Pat Frank’s Mr. Adam (1946) is billed as “[o]ne of literature’s first responses to the atomic bomb,” and the uncertainty of the freshly-minted Atomic Age is palpable within the novel’s pages. With the bombings of Hiroshima and Nagasaki still fresh in his mind, and within the minds of his readers, Frank crafted a cautionary tale regarding the dangers of nuclear power and its invisible, unstoppable effects on the future of mankind.
Steve Smith, intrepid journalist and recent veteran of the European theatre in WWII, quite literally stumbles through winter snow into the biggest story of his life: there are absolutely no maternity ward reservations booked in New York City after June 21. In fact, there are no reservations for maternity wards anywhere in the world after that date. On September 21 of the previous year, there was a disastrous explosion at a nuclear power plant in Mississippi, which nearly leveled the entire state and “was seen as far north as Chicago.” Other than some aftershocks and tremendous heat, there hadn’t seemed to be any lingering side effects — but radiation released from the accident spread around the globe and sterilized nearly every human male, leaving women unscathed.
A deeply introverted geologist, Homer Adam, happened to be at the bottom of a Colorado lead mine at the time of the explosion, turning him into a commodity more valuable than uranium or state secrets. Once his fecundity is discovered, the United States government seizes control of him and immediately begins the long, drawn-out process of determining what’s to be done. It’s all about the good of mankind, you see, though if the government were to profit somehow along the way, surely no one could begrudge them that. Mr. Adam becomes an instant celebrity, hounded by Machiavellian senators and blonde bombshells alike, with the entire world clamoring to know how and when he’s going to save mankind from gradual extinction. No pressure, right?
Mr. Adam takes place in New York City, the village of Tarrytown, NY, and a few high-dollar locations around Washington, D.C. More important than the locations, however, are the people, all of whom have their own ulterior motives and agendas in mind as they shepherd Mr. Adam around. The National Re-fertilization Project and the National Research Council are having a very polite, memo-laden war over which government organization gets to determine how Mr. Adam will go about his, ahem, fatherly duties. Every possible social group, religion, race, and creed wants preferential treatment for their young women. Steve Smith strikes up a friendship with him, but even Smith is benefiting by his proximity to the most sought-after man in the world, and Homer Adam seems too kind-hearted and naïve to make any determinations on his own.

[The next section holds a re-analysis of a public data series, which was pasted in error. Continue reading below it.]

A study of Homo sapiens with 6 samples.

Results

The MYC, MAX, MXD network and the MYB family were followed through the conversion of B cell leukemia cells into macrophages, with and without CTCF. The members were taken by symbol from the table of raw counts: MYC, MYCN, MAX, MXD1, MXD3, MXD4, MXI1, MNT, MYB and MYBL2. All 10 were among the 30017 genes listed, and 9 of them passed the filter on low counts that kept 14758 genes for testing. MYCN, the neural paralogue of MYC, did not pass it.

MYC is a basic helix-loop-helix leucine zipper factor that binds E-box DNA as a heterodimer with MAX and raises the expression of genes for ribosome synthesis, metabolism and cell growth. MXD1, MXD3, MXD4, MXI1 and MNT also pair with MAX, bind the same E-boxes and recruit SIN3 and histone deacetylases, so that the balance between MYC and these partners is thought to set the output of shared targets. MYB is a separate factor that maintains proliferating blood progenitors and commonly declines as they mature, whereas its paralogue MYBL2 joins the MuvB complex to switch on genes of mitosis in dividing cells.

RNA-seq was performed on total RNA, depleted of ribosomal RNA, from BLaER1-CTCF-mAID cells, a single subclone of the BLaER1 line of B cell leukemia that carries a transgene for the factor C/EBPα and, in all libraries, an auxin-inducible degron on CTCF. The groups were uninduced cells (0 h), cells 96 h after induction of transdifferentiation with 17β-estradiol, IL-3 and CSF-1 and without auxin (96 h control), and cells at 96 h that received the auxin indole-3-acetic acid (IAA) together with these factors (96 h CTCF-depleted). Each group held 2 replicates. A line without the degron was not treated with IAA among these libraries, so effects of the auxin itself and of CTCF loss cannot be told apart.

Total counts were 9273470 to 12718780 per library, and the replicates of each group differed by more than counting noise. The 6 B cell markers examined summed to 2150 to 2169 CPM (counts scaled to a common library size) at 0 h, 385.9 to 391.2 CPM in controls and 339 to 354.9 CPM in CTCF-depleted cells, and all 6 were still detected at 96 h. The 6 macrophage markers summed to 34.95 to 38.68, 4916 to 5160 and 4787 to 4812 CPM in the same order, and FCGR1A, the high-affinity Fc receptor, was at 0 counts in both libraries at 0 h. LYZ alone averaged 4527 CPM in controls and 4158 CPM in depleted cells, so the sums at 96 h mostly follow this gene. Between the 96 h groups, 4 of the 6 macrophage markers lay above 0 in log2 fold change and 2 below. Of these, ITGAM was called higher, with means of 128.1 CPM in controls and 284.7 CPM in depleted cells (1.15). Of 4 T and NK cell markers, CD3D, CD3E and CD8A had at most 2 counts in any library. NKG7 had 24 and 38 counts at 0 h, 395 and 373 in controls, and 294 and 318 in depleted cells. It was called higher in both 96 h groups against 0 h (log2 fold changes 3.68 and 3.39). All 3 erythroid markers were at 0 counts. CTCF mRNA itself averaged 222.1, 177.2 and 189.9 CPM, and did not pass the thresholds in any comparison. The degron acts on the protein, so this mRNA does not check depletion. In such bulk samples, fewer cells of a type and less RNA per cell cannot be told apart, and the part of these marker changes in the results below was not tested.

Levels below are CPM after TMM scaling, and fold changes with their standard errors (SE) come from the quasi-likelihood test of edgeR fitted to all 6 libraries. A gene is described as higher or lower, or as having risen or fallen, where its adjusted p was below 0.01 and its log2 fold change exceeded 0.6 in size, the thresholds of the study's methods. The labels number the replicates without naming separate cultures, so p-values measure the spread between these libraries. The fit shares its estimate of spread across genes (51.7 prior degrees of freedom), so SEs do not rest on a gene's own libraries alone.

No one is as sharp-elbowed or sharp-tongued as a career journalist who also has decades of experience working with their government, and Mr. Adam is filled with Frank’s humor and insight. Whether he’s skewering pompous Army officers who’ve never seen a day of combat but parade around with a chest covered in medals, bureaucracy-obsessed government officials who can’t get a moment of work done because they’re too busy deciding who’s in charge, or the way men and women interact when procreation is the only thing on their minds, no one is safe from being raked over the coals. There’s plenty of intrigue and double-crossing at play, too, keeping readers guessing Mr. Adam’s fate from one page to the next. Though some outdated ideas are occasionally expressed, particularly with regard to the scientific specifics of nuclear radiation or the depth of baby-fever experienced by some female characters, it’s easy to acknowledge them as relics of the past and set them aside in favor of enjoying Frank’s prose.
I’m pleased that, seventy years after its initial publication, Mr. Adam is being made available for a new generation of readers. It’s a warning about the very real dangers of nuclear power, but it’s also a celebration of humanity’s ingenuity and survival instinct. But more than that, Mr. Adam is a well-crafted and compelling story, and I highly recommend reading it or any of Pat Frank’s other classic novels.